Right to Quality Education
The right to quality education is a fundamental right for all and an essential enabler for the realization of other rights. Quality education promotes personal development and strengthens the respect for human rights and freedom. All States are obligated to make quality education available to all, at all levels and free of charge. To evaluate how States fulfill their obligations regarding the right to education, RESULTS Education Fund developed the Right to Education Index (RTEI), which monitors national progress toward fulfillment of the right to education.
In 2015, the RTEI was piloted in five countries: Chile, Nigeria, the Philippines, Tanzania, and Zimbabwe. The index identifies key areas in need of improvement, offers country-to-country comparisons, and tracks progress over time. These initial index results have been recently published in the “Right to Education Index: Pilot Report.”
The RTE Index is a composite score of how the country rates according to five themes: Governance and the 4-A framework of Availability, Accessibility, Acceptability, and Adaptability. The primary tool used to develop the RTE Index is the RTEI Questionnaire, a comprehensive survey of closed-ended questions answered with supporting documentation that is organized into the five themes as mentioned above. The 4-A framework was originally developed by United Nations Special Rapporteur on the Right to Education, Katarina Tomaševski, and builds on the theory that education should be available (specific quantity of educational institutions available), accessible (institutions should be non-discriminatory and accessible to all), acceptable (education should be of good quality), and adaptable (ability of education to adapt to the various needs of the individual child).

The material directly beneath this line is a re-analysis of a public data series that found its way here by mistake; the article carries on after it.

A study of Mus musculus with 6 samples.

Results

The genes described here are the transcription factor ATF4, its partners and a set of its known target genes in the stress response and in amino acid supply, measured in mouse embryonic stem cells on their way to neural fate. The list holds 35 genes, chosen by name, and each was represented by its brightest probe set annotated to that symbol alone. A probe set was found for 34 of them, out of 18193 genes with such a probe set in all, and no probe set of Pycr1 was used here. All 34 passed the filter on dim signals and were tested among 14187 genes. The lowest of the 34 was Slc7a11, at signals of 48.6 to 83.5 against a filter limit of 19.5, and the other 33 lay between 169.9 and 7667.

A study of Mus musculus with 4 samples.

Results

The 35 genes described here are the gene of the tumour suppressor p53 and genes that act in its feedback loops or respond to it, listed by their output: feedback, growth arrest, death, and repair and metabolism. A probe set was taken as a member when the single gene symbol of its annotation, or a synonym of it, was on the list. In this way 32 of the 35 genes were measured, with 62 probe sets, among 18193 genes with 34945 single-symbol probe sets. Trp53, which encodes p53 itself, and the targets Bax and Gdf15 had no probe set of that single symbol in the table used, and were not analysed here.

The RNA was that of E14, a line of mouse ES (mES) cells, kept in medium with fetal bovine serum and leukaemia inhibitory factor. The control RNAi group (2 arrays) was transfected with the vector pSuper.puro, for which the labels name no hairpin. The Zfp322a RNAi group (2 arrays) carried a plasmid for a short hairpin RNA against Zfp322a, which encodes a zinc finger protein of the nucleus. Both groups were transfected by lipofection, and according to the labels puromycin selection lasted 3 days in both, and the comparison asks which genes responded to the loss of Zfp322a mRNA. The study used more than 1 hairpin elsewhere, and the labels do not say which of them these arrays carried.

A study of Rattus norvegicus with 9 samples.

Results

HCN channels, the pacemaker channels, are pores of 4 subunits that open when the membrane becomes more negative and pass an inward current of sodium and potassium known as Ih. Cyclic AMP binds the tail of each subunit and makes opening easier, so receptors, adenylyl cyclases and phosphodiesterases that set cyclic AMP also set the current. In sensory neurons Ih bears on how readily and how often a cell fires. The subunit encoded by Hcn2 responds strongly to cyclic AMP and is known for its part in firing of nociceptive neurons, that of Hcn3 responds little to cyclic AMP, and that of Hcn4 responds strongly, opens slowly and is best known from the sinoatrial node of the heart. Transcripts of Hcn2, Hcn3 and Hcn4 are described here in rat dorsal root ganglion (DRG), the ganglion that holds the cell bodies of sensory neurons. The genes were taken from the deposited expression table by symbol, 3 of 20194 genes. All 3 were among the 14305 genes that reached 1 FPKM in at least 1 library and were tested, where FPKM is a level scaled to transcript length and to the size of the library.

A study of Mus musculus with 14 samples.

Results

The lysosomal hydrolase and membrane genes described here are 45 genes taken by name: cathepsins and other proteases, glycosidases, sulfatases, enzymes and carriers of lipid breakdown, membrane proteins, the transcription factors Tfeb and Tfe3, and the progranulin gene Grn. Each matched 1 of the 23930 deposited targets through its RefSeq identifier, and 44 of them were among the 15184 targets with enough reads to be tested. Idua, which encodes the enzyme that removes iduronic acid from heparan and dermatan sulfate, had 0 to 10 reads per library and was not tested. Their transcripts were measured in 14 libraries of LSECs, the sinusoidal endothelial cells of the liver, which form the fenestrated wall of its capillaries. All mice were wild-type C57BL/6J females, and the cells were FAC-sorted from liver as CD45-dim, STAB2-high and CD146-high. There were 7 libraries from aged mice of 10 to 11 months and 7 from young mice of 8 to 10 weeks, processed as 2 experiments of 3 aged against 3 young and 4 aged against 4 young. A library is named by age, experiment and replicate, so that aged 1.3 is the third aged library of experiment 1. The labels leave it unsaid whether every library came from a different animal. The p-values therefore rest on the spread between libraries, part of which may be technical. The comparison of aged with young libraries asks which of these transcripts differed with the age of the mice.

The report shows that all of the pilot countries score high in Governance; they have signed onto or ratified international and regional treaties relevant to the right to education. Availability, on the other hand, is one of the weakest areas affecting the right to education. All countries face overcrowded classrooms; the Philippines has, on average, over 75 students in a primary school classroom. In terms of accessibility, results show that discriminatory practices against pregnant girls and young mothers were found in Nigeria and Tanzania. In both countries, girls who become pregnant can be expelled from school and young mothers are not allowed to re-enter. The report shows that in Nigeria, the Philippines, and Tanzania, education is acceptable: aims of education are included in national laws or policies, and in teacher curriculum. However, in terms of adaptability, the report shows that many of the countries struggle to adapt education to meet the needs of their diverse student population. Minority children and children with disabilities are the most excluded groups.
Results from the RTEI Index can be used as an instrument for identifying barriers to the right to education at a national level. The Index can also be used to hold governments and institutions accountable for their commitments and to increase public and political support for achieving the right to education.
For more information:
Right to Education Index Pilot Report, April 2016, RESULTS Education Fund. Go here to access the report.
Information about the RTEI Index and findings from RTEI partners can be accessed here.
RESULTS Educational Fund (RESULTS) is a non-profit advocacy organization working toward achieving education for all; for more information, please visit: http://www.results.org/
Tomaševski, Katarina. (2001). Removing obstacles in the way to the right to education. Gothenburg, Sweden: Novum Grafiska AB.